On the tenth day of the Ashvin month of the Hindu calendar, Dussehra or Vijayadashami is celebrated throughout India. It is the day when Lord Rama slew the demon king Ravana and Goddess Durga annihilated the demon Mahishasura after a long battle.
Celebrating Dussehra or Vijayadashami reminds us that, although it may seem like evil has gained the upper hand, good eventually emerges victorious. Throughout our country, this day of victory of good over evil is celebrated in various ways - be it through the all-night Ram Leela festivities in parts of North India; the large-scale processions in Kullu, Himachal Pradesh; the Garba in Gujarat; or the Golu in parts of South India.
However, India is also a country rich in diversity. This means that every festival has its fair share of associated stories and ways of celebration. In that context, here are seven lesser-known facts about Dussehra:
Although Ravana is considered the ultimate antithesis of 'good' by a majority of Indians, there are parts of India where he is loved and venerated. Take Mandsaur and Vidisha in Madhya Pradesh for example. Here Ravana is not only respected but also worshipped - there are temples dedicated to him. Ravana is revered in Mandsaur as it is believed that his wife Mandodari hailed from here. So, that makes him the son-in-law of Mandsaur. People of Mandsaur also respect Ravana for being wise and knowledgeable and for his devotion to Lord Shiva.
Similarly, the Gond Tribals of Gadchiroli, Maharashtra, worship both Ravana and his son Meghanada. They believe that Ravana is misrepresented as a cruel demon and point to Valmiki's Ramayana in which he is praised for being knowledgeable and a great king.
In Sri Lanka, Ravana has been given the status of a demi-god. It is believed that under him, the country witnessed unparalleled advancements in science and medicine. In fact, several books on Ayurveda written by Ravana are still in existence.
While Dussehra is usually associated with the victory of Rama over Ravana, in East and South India, Dusshera is celebrated for different reasons.
In West Bengal, and especially Kolkata, the statue of Maa Durga annihilating the demon Mahishasura towers overall. Men, women, and children gather around in reverent awe as the drums roll and the priests chant prayers seeking her blessings.
Did you know that down South, Mysuru gets its name from the demon king Mahishasura? Here, Dussehra is about celebrating the victory of Goddess Chamundeshwari over Mahishasura. In Mysuru, the tradition of celebrating Dussehra began under the Vijaynagara kings in the fifteenth century.
Meanwhile, in Telangana, Goddess Gauri is praised and worshipped with floral arrangements, with women offering special foods to the deity. And, in the sleepy town of Kulasekarapattinam in Tamil Nadu, Goddess Kali is revered for all her fierce glory and powerful persona.
During their exile, the Pandavas hid their weapons in the branches of the Shami tree. On completion of their exile, they went back to retrieve their weapons. They worshipped the weapons and also the tree in which they were hidden. Today, to mark this occasion, Ayudha puja is also performed during Dussehra. In fact, in North India, Ayudha Puja is known as Astra Puja. With changing times, even machines and vehicles are worshipped during Ayudha puja.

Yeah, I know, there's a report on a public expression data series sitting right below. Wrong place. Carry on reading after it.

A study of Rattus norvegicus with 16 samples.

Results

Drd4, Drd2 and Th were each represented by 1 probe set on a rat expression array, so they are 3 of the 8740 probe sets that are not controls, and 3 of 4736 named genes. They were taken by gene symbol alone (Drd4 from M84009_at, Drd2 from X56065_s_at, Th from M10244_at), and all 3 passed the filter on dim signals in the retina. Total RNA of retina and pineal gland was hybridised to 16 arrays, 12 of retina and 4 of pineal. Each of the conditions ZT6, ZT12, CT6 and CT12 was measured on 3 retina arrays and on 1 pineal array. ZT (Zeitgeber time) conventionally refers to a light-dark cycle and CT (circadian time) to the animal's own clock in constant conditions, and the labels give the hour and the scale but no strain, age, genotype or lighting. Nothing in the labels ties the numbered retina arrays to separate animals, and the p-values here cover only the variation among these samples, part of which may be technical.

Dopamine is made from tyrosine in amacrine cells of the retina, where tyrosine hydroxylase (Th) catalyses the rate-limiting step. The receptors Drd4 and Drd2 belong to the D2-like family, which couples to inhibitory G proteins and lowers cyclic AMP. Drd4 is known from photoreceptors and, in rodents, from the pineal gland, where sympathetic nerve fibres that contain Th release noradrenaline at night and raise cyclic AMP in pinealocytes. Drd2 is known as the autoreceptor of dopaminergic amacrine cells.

After completing his education, Kautsa, a student, wanted to honor his teacher, Rishi Varatantu, by giving him, Guru Dakshina. The rishi did not want any Guru Dakshina, but Kautsa was insistent. Finally, the rishi said that Kautsa should give him 140 million gold coins - 10 million for each of the 14 sciences he had taught the student. Kautsa was penniless so he went to King Raghuraja of Ayodhya who was known for his generosity. However, the king also did not have any money and instead, approached Lord Indra for the money. Lord Indra, in turn, called Kubera, the god of wealth, and asked him to rain gold coins on the 'Shanu' and 'Aapti' trees in King Raghuraja's kingdom. The king gave the coins thus bestowed to Kautsa, who, in turn, presented the money to his teacher. The teacher kept only the sum he had asked for and returned the rest to Kautsa. The student tried to give the coins back to the king but the latter refused to accept the money. So, Kautsa distributed the remaining coins among the inhabitants of Ayodhya. He did this on the day of Vijayadashami.
Dussehra is not only celebrated by Hindus. Buddhists also consider it a sacred day. They believe that it was on this day that King Ashoka converted to Buddhism - brokenhearted by the scale of devastation and deaths in the Kalinga war. That is one reason why in Nagpur's Deekshabhoomi, Dussehra is celebrated as Ashok Dashami.
In Kerala, Dussehra is considered an auspicious day for introducing children to the world of letters. Children between three and five years of age are initiated into learning by making them write the mantra 'Om Hari Shree Ganapathaye Namah' on a tray of rice grains. After the ceremony, study materials such as slates and pencils are distributed by those children. The ceremony is called Ezhuthiniruthu in Malayalam.
Indian traditions have always had their roots in science. The yagnas performed during Navaratri and Dussehra are believed to cleanse the environment of disease-causing germs prevalent during the shift from monsoon to winter - which is when Dussehra is celebrated.
Now that the festive season is here, it is time to immerse yourself in the celebrations together with your family. And, whichever part of India (or the world) you live in, we hope and pray that Dussehra brings you joy and prosperity!